Don't go into the basement.


Part of a series on dating.



It was my first time to this girl's house. Her name is... Carmen. Yes. Carmen.

We'd been seeing each other for about a month. Nothing incredibly serious, but not seeing anybody else - although I've thought that before.

She was a college student, a graduate student actually, in Political Science. We mostly didn't talk about that, because her idea of a good discussion about politics was regurgitating whatever she'd recently read for class, sometimes verbatim, and vaguely suggesting that since I didn't have a degree, my "sciolist opinions" didn't have any weight.

Other than those occasional crude potshots from the balcony of the ivory tower, I enjoyed her company. I mostly shrugged them off as secretly amusing, and I admit to occasionally leading her into elaborate traps solely to hear her backpedal.

She was reasonably clever, attractive, and trilingual - native Spanish, excellent English, and enough Italian to fool the old lady who runs one of the holes in the wall here.

She'd been in the States on a student visa since her Freshman year of school and kept in close touch with family back home in some tiny, dirt-poor village in mid-Mexico. She said she hadn't been back to Mexico at all except for a funeral, information which under later forbearance seemed likely to be false. But I'll get to that shortly.

Okay, enough Tarantino chronology. There I was; it was my first time visiting her house, and I was a little gobsmacked by the opulence. I asked if she had any roommates, or a sugar daddy, or a rich dead uncle, or what, because she lived in a very, very nice part of town, in a very expensive townhouse, and had more money in brushed steel and blue LEDs in her livingroom than I had in total assets.

"No," she said, "I don't have any roommates. Just... don't go in the basement."

This didn't ring any bells. If I did any thinking about it at all at the time, it would have been that the place was a mess, full of boxes, or full of dirty laundry, or ugly paintings, or any of the other millions of things that girls don't want guys to see. If I thought much beyond that, it would have been "shit, maybe the stairs are busted or there's no light". The elaborate point I'm making here was that I didn't even get remotely close to the real reason.

So, the opulence of the house struck me as strange, as did her choice of vehicle.

She said she'd had it since she moved to the States originally, when she was going to school at SDSU. That had made perfect sense, as what she was driving was dirt common. For the most part.

See, in the desert in SoCal, a lifted, heavily modified '87 Bronco with huge tires and heavily tinted windows is not at all unusual. What did seem a bit unusual were the two kinds of radar detectors, police scanner, and ham radio. But hey, they might have been included when she bought it, and when I asked her once about them, she said "Oh, yeah, sometimes I talk to truckers or whatever. I don't really know that much about it." My only comments at the time were "Cool!" and "If you don't have a permit for this, you're actually not supposed to use it, this transmitter is rated 500 watts."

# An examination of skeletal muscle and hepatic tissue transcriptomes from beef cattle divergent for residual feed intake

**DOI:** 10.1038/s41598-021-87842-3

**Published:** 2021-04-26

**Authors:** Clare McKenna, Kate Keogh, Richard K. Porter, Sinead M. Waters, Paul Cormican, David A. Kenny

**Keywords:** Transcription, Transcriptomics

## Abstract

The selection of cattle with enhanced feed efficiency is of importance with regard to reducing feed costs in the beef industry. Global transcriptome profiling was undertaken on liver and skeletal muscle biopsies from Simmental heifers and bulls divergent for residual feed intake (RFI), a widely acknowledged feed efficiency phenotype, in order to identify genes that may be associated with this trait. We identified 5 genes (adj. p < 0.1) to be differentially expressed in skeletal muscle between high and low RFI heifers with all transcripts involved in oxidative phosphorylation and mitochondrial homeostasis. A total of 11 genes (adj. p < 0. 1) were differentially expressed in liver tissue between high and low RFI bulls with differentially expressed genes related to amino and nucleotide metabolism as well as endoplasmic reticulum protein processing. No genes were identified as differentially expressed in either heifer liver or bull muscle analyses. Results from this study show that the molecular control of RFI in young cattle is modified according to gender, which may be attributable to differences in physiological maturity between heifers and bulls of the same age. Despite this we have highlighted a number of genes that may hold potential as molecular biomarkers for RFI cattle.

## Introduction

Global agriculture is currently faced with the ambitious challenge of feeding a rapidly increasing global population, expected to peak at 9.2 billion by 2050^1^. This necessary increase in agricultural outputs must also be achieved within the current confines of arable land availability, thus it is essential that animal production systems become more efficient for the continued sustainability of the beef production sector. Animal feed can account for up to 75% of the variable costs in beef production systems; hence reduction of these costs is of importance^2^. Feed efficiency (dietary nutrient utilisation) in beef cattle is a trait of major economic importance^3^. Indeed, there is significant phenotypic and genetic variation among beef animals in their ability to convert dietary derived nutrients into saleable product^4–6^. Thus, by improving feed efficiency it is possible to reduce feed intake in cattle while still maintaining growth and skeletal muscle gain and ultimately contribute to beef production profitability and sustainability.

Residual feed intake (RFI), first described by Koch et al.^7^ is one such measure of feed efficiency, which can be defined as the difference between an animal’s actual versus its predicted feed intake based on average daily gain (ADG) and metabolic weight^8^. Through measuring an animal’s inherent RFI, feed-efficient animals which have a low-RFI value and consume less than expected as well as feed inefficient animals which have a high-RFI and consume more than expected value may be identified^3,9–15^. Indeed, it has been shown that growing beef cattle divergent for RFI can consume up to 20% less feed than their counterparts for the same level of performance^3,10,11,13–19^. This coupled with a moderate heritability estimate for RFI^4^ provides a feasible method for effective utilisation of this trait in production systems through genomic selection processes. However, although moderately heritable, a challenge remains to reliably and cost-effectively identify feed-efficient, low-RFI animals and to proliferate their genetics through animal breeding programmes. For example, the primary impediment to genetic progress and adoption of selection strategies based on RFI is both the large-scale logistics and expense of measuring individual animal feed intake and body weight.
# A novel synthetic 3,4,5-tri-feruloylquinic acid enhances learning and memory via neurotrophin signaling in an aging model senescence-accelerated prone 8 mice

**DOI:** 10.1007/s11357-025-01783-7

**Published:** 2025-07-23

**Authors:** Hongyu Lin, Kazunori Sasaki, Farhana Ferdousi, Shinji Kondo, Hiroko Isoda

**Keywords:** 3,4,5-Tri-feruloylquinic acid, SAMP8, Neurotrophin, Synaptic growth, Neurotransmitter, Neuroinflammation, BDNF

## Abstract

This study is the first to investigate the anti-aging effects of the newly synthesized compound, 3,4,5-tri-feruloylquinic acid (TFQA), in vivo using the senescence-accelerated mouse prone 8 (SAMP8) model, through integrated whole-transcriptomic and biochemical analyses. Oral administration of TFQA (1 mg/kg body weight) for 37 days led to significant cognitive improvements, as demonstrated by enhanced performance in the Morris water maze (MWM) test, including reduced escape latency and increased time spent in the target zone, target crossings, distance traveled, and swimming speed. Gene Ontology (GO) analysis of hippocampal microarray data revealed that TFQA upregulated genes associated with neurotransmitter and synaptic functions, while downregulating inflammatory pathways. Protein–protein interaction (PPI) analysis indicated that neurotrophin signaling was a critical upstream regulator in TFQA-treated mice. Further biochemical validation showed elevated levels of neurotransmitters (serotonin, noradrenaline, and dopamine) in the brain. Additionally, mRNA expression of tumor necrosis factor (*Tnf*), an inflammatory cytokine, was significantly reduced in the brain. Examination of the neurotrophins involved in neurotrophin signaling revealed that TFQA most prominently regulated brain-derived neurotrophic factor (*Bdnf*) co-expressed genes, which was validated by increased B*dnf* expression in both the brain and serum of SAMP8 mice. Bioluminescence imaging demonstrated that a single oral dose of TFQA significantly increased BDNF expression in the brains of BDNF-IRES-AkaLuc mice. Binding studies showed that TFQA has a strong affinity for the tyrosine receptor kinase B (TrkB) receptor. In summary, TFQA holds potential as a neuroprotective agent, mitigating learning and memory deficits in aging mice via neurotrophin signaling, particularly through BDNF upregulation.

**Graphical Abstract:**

Like many things she said, under later forbearance this seems likely to have been a falsehood.

So a few weeks go by. I make my third or fourth visit to her house. About three o'clock in the morning I wake up needing to piss like you can't believe. My thrashing woke her up and she beat me into the master bathroom, telling me to use the one downstairs.

Skip past ten minutes of shin-bashing fumbling around in the dark in a house I didn't know that well, and I ended up in the basement, ankle-deep in terrified, screaming illegal Mexicans. Literally dozens, wrapped in quilts and sleeping bags and stained sheets.

This of course brought her running, and I was quickly hustled out of the basement while she talked to them and got most of the screaming under control. One of them dashed right out of the house when she came upstairs to make some coffee and attempt to explain things to me.

She initially tried framing it to me as some sort of ham-fisted ideological argument, about the right to freedoms or something. As she strung together this highly dubious chain of arguments, I sipped my coffee and put six and nine together. She would have me believe she was some sort of struggling freedom fighter, or, something. Rising up against tyranny and injustice. Or, something.

The Bronco was a desert rat's wet dream, and loaded with everything you'd need to keep track of the heat along the border and on the highway. The ham was way too high powered for anything that a normal desert rat would use it for.

There's no way in Hell she could afford a place like this without some kind of something going on, I knew that much before but didn't press too hard. But, now, it was pretty goddamned clear - she was a coyote, and had moved up in the ranks from actual border running, to sheltering and placement.

That's where the money came from for the opulent house, the designer clothes, the expensive makeup. College student struggling against social injustice, my hairy ass.

Two days later I called the INS. She was put in jail for a year and then deported.

Some rich old guy lives in her house now.